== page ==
Vignettes and Hyperlinks: Jackson Park Duress

My preferred method of transportation to downtown is the Metra. Sure, it's a bit of a walk, and it's an extra 75 cents, but it's faster, and when I'm on the Metra I feel like I'm traveling in sleek, modern, and sophisticated style. I feel important on the Metra. But unfortunately the Metra runs less regularly than other forms of transport, so on Tuesday, when I uncharacteristically went downtown for the first of two days in a row, I found myself on the #6 bus. I sat there, early in the morning on the way to meet my aunt for breakfast while she was in town, and I thought, as I sometimes do. On this particular day, I was contemplating how, like everyone else's, my life arrives in peaks and valleys, undulating through time with little predictability. As you can imagine given this post's title, I've been in a bit of a valley these past couple of days, and there's no better place to contemplate one's existence than on the bus.

Transportation inherently brings with it constant change in scenery. But on a bus, this change is twofold. Not only do the stories and the landscape on the other side of the window change, but also the emotional and personal landscape of the vehicle itself. As people get on and off, their stories enter and exit my own. There's one dude in the back row right now. He's been talking since I got on. I think he's talking with a friend, but he might just be engaging whomever he can; I don't know, I haven't looked. I wonder if he just hangs out there, at the back of the bus, talking. Does he just ride the thing around and around, following the arc of the lake and the river again and again? Who is he? How did he get here?

When I'm in a valley, I often question the motives behind my continued conviction to finish college. I am an economics major who does not intend to go into finance, a film minor who doesn't plan to become a filmmaker any time soon, and a college student only mildly interested in academia. When the curvature of my consciousness approaches a decidedly depressed slope, I tend to focus on these facts, forgetting how I've changed and improved over the past six quarters. I lost my way at some point toward the end of fall quarter last year, and I really have yet to find it again. But as my surroundings keep changing and the land moves up and down, I learn things about myself I never would have otherwise, and gain skills I never thought I'd need.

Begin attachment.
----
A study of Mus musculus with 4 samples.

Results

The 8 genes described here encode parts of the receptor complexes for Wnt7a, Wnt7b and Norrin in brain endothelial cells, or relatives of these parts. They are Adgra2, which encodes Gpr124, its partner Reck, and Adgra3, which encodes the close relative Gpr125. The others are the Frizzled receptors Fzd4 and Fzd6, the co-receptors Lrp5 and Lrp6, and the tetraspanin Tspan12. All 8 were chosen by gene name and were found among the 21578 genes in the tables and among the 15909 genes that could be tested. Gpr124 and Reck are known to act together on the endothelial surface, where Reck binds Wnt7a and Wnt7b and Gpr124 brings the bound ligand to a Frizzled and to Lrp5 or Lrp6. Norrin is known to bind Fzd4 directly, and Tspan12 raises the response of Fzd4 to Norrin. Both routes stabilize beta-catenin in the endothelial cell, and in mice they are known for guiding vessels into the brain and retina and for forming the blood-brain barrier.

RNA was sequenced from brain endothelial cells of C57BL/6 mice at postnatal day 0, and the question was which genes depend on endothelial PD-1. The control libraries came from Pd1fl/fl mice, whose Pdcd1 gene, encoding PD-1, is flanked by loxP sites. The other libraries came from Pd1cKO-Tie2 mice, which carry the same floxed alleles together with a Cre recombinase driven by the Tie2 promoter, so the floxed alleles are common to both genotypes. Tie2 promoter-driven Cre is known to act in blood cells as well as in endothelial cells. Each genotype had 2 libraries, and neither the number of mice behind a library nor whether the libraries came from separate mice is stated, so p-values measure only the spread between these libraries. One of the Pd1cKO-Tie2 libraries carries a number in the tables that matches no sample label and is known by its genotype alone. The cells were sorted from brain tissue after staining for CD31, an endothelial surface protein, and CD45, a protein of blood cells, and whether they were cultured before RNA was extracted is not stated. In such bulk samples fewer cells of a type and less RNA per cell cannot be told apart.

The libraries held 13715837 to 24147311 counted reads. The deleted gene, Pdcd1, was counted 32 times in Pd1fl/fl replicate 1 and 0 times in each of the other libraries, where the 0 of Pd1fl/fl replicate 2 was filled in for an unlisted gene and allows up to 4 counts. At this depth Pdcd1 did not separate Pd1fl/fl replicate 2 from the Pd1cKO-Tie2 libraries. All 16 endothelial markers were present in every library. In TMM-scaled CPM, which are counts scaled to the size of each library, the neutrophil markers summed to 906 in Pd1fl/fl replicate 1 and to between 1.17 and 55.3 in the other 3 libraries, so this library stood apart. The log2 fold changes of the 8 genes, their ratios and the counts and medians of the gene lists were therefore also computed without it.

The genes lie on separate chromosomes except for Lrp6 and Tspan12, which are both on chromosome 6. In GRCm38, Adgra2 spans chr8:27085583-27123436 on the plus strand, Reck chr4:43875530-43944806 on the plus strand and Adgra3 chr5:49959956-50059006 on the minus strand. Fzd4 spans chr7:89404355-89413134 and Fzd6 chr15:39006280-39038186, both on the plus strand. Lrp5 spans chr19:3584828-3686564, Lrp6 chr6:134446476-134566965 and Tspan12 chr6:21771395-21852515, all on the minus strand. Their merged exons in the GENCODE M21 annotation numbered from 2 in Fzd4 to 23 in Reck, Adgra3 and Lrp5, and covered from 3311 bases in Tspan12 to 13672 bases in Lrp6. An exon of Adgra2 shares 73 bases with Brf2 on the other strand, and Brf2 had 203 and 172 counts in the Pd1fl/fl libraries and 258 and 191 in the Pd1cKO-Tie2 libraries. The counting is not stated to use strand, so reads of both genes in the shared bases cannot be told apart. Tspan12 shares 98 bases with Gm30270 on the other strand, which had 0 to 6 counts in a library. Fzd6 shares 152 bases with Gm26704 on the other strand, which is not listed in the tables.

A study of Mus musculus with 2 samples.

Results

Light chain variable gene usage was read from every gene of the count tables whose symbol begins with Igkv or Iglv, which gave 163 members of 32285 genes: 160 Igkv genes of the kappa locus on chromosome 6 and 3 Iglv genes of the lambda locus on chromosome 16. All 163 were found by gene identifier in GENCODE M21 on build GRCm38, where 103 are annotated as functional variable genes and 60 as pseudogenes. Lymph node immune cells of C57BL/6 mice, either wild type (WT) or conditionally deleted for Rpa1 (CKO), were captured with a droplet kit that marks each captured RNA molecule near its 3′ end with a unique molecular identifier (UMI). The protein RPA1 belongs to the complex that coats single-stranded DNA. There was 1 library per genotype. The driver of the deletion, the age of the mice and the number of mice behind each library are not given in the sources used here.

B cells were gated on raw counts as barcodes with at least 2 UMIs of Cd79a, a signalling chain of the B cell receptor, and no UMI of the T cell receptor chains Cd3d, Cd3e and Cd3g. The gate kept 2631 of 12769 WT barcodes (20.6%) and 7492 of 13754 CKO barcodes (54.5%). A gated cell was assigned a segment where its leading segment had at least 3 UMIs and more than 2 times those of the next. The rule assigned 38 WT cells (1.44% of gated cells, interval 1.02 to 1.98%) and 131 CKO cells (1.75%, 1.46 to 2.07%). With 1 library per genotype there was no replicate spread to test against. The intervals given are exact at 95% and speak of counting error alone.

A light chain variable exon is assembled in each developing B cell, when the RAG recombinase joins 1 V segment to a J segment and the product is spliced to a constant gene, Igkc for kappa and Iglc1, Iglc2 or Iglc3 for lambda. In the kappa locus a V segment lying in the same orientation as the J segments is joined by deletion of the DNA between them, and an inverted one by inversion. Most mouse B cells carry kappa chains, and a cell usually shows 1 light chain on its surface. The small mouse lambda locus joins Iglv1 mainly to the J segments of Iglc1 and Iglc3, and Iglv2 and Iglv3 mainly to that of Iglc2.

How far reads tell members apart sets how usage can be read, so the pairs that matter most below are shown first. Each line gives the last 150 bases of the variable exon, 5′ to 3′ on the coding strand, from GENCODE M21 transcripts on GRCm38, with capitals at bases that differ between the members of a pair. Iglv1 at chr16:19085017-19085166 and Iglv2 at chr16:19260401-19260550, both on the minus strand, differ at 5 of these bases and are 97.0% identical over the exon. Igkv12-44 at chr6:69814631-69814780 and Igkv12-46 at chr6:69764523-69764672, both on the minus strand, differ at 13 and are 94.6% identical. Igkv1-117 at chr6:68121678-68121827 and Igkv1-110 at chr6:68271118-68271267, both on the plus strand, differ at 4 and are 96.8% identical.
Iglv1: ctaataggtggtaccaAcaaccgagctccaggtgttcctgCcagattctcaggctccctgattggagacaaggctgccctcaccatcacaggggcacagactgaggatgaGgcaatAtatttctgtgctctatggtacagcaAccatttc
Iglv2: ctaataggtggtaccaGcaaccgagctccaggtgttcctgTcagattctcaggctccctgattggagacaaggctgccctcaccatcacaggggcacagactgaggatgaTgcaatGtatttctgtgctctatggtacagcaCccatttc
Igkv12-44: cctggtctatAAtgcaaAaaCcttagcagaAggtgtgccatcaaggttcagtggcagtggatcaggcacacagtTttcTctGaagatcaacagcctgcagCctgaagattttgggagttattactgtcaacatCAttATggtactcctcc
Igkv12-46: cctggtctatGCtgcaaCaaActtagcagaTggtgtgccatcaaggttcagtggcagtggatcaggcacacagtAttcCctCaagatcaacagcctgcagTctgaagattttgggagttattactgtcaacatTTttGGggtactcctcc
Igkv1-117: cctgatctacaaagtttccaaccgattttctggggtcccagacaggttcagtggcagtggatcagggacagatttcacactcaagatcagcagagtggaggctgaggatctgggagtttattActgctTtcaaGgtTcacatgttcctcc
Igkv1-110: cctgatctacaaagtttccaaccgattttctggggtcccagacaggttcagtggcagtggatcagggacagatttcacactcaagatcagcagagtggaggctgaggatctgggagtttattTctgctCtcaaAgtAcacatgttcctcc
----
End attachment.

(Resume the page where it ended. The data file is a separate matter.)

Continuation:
On the way back from breakfast, I keep nodding off. I'm not ashamed to sleep on the #6, but I prefer to do it with the assurance that I have friends who will rouse me when it's time to leave. But today I'm alone, so I'm fighting—as so many have done in Sosc and Hum—to remain aware and awake enough to understand what's going on. My head bobs up and down as I float in and out of consciousness. The dude in the back is no longer there, although this is probably a different bus than the one I took towards Chicago. I imagine him somewhere in front of and behind me on this route, going round and round.

I'm lucky enough to be awake when we get to the 53rd Street stop, and I exit, out of the dreamy, determined route of change that the #6 brought, and into the very real, very harsh, and very slushy world of Hyde Park. It's rather hard to fall asleep standing, so my head is firmly above my shoulders, at least literally. Nobody's talking. Everything is the same as when I left. The bus moves on, and I slush forward through an unchanging deluge of brown margarita mix.

I want to be back on the #6. I want to move around and around through and with the scenery, seeing the new until it all becomes the familiar. But that cycle would eventually repeat itself (repeat itself), and I'd be left exactly where I am now, $2.25 poorer and a whole lot of minutes older. So it's probably best that I've returned to where I began, to where I usually exist, where I can become better and grow deeper.

As I get off the bus I am reminded for the umpteenth time just how flat Chicago is. I look down 53rd Street and I try to see a hill or a turn, to no avail. I try to see anything but the straight, flat, unending line that is in front of me. But I can't. So I start walking.

Liam Leddy is the blogger behind Vignettes and Hyperlinks. He is a second-year in the College majoring in economics.